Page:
AI News, An Uncanny Mind: Masahiro Mori on the Uncanny Valley and Beyond
An Uncanny Mind: Masahiro Mori on the Uncanny Valley and Beyond
In this guest post, Norri Kageki interviews Masahiro Mori, who, as a professor of engineering at Tokyo Institute of Technology inthe 1970s, proposed the now-famous concept of the uncanny valley.
[Read the first authorized translation of his seminal article here.] Mori's insight was that people would react with revulsion to humanlike robots, whose appearance resembled, but did not quite replicate, that of a real human.
He called this phenomenon bukimi no tani (the term 'uncanny valley' first appeared in the 1978 book Robots: Fact, Fiction, and Prediction, written by Jasia Reichardt).
The uncanny valley has become more relevant in the past few years since robots that actually look and move like humans are starting to become a reality.
In fact, researchers currently debate over whether they should try to overcome the uncanny valley or simply design robots that are more mechanical in appearance.
Norri Kageki: Your essay titled 'The Uncanny Valley' first appeared in a 1970 issue of Energy (pictured below), a magazine published by Esso, a Japanese subsidiary of Standard Oil Co.
He asked me to be a part of a round table on the subject along with the science fiction writer Sakyo Komatsu and Prof.
At that time, electronic prosthetic hands were being developed, and they triggered in me the same kind of sensation.
These experiences had made me start thinking about robots in general, which led me to write that essay.
I do appreciate the fact that research is being conducted in this area, but from my point of view, I think that the brain waves act that way because we feel eerie.
The uncanny valley relates to various disciplines, including philosophy, psychology, and design, and that is why I think it has generated so much interest.
Pointing out the existence of the uncanny valley was more of a piece of advice from me to people who design robots rather than a scientific statement.
MM: It started to be picked up after the humanoids conference in 2005 (IEEE Robotics and Automation Society International Conference on Humanoid Robots).1 I was invited to that event, but I was unable to attend due to other commitments.
[In this Japanese folk story, a dog barks to let his owners know where to dig, and when they dig they find gold.] I seem to have a good nose for sniffing out interesting things, but I don't have the skill to dig them up.
NK: Your uncanny valley chart captures the concept nicely: The curve first goes up, as people's affinity toward robots increases, they become more humanlike, but only up to a point, when the curve suddenly plunges into the uncanny valley.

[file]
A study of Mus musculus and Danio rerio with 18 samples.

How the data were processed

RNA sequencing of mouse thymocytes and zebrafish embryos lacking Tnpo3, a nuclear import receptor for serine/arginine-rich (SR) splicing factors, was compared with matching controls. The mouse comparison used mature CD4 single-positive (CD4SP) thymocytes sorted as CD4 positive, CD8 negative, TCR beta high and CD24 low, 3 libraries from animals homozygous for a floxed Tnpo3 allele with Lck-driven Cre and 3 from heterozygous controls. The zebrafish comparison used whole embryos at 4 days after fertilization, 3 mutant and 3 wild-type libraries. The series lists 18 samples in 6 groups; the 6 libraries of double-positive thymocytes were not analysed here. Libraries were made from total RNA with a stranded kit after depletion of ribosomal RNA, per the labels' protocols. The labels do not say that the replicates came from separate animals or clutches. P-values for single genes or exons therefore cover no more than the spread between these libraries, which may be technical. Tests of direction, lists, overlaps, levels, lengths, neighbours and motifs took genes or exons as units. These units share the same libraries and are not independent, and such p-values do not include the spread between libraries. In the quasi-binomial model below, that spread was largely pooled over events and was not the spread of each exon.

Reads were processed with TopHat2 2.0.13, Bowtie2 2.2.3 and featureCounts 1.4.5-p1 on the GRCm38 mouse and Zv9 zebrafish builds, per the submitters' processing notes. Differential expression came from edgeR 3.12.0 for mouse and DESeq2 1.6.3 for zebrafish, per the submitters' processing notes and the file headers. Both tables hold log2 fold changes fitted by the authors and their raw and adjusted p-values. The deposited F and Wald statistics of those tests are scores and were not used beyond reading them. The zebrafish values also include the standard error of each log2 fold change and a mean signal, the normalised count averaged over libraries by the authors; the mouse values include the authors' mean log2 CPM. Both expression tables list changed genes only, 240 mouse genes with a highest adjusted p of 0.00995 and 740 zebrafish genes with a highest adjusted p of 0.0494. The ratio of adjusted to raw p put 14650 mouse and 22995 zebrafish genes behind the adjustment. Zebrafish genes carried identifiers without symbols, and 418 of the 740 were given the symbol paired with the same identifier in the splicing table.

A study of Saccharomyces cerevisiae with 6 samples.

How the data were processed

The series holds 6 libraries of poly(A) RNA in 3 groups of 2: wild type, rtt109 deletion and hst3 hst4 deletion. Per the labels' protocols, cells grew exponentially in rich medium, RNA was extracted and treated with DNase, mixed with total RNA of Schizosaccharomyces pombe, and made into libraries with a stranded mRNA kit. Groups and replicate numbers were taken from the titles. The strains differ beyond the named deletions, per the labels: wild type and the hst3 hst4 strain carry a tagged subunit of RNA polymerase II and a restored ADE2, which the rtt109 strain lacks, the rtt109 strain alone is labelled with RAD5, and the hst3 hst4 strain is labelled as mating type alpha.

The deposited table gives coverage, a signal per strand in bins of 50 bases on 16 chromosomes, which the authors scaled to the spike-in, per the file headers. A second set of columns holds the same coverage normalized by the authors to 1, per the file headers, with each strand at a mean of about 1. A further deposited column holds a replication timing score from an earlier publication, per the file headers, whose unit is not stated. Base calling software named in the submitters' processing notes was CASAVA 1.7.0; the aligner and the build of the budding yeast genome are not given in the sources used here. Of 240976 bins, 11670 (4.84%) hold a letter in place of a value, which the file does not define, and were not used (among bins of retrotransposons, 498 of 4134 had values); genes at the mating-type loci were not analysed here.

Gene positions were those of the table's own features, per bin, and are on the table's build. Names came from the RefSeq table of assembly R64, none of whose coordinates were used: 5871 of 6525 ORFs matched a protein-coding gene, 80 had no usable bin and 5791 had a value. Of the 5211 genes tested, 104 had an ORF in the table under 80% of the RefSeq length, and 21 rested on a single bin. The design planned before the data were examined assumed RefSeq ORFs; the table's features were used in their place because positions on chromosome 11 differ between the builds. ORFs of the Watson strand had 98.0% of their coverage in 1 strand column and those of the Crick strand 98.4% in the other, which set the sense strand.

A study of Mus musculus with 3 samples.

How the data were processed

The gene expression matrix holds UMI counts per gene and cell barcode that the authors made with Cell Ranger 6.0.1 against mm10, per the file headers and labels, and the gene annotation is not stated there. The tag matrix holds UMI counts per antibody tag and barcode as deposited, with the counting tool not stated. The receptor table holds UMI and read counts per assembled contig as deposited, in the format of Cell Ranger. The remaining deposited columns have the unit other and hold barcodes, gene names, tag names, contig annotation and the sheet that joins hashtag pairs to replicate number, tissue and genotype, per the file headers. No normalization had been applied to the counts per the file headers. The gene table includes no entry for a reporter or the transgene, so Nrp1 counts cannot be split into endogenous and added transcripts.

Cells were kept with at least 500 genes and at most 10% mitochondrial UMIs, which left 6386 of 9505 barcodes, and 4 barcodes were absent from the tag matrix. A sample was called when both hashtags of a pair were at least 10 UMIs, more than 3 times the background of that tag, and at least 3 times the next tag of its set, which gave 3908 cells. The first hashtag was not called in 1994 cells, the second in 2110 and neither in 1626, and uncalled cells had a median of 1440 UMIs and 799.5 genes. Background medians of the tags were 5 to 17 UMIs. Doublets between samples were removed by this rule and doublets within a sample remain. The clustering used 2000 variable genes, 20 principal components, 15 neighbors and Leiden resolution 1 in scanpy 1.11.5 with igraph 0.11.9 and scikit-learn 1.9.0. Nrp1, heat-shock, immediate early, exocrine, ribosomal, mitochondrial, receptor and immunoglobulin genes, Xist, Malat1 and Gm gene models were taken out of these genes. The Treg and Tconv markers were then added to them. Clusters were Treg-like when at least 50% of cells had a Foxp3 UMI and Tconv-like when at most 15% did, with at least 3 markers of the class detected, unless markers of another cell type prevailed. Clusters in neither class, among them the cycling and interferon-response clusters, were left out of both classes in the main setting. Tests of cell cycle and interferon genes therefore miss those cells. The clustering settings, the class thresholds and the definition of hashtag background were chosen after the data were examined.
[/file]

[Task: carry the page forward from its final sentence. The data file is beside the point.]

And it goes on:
Do you still think that robot designers should aim for the first peak instead of aiming beyond the valley?
NK: There are people like former Massachusetts Institute of Technology professor and founder of start-up Heartland Robotics Rodney Brooks who think humans are also machines and that they can be built.
My friend Ichiro Kato [the late Waseda University professor and pioneer in humanoid research] used to think that the mind can be created, but I don't think so.
If a steep hill suddenly protrudes from the flatland, you can draw a line to show where the mountain starts, but Mt.
People now call them distributed autonomous systems, and there has been much progress in terms of their applications in the past ten years.
I had thought about it many years ago, and I built seven robots that moved as a swarm and exhibited them at Expo '75 held in Okinawa in 1975.
I used to cut out these pictures and photographs from various magazines, and there are designs that my students and I drew back in those days.
I have never approached my research in a way where you decide on an area and then you try to dig out everything in that area.
I think the teachings of Buddha is the best way to understand humans, especially with regard to understanding the human mind.
Navigating a social world with robot partners: A quantitative cartography of the Uncanny Valley
We demonstrate an UV in subjects’ explicit ratings of likability for a large, objectively chosen sample of 80 real-world robot faces and a complementary controlled set of edited faces.
An “investment game” showed that the UV penetrated even more deeply to influence subjects’ implicit decisions concerning robots’ social trustworthiness, and that these fundamental social decisions depend on subtle cues of facial expression that are also used to judge humans.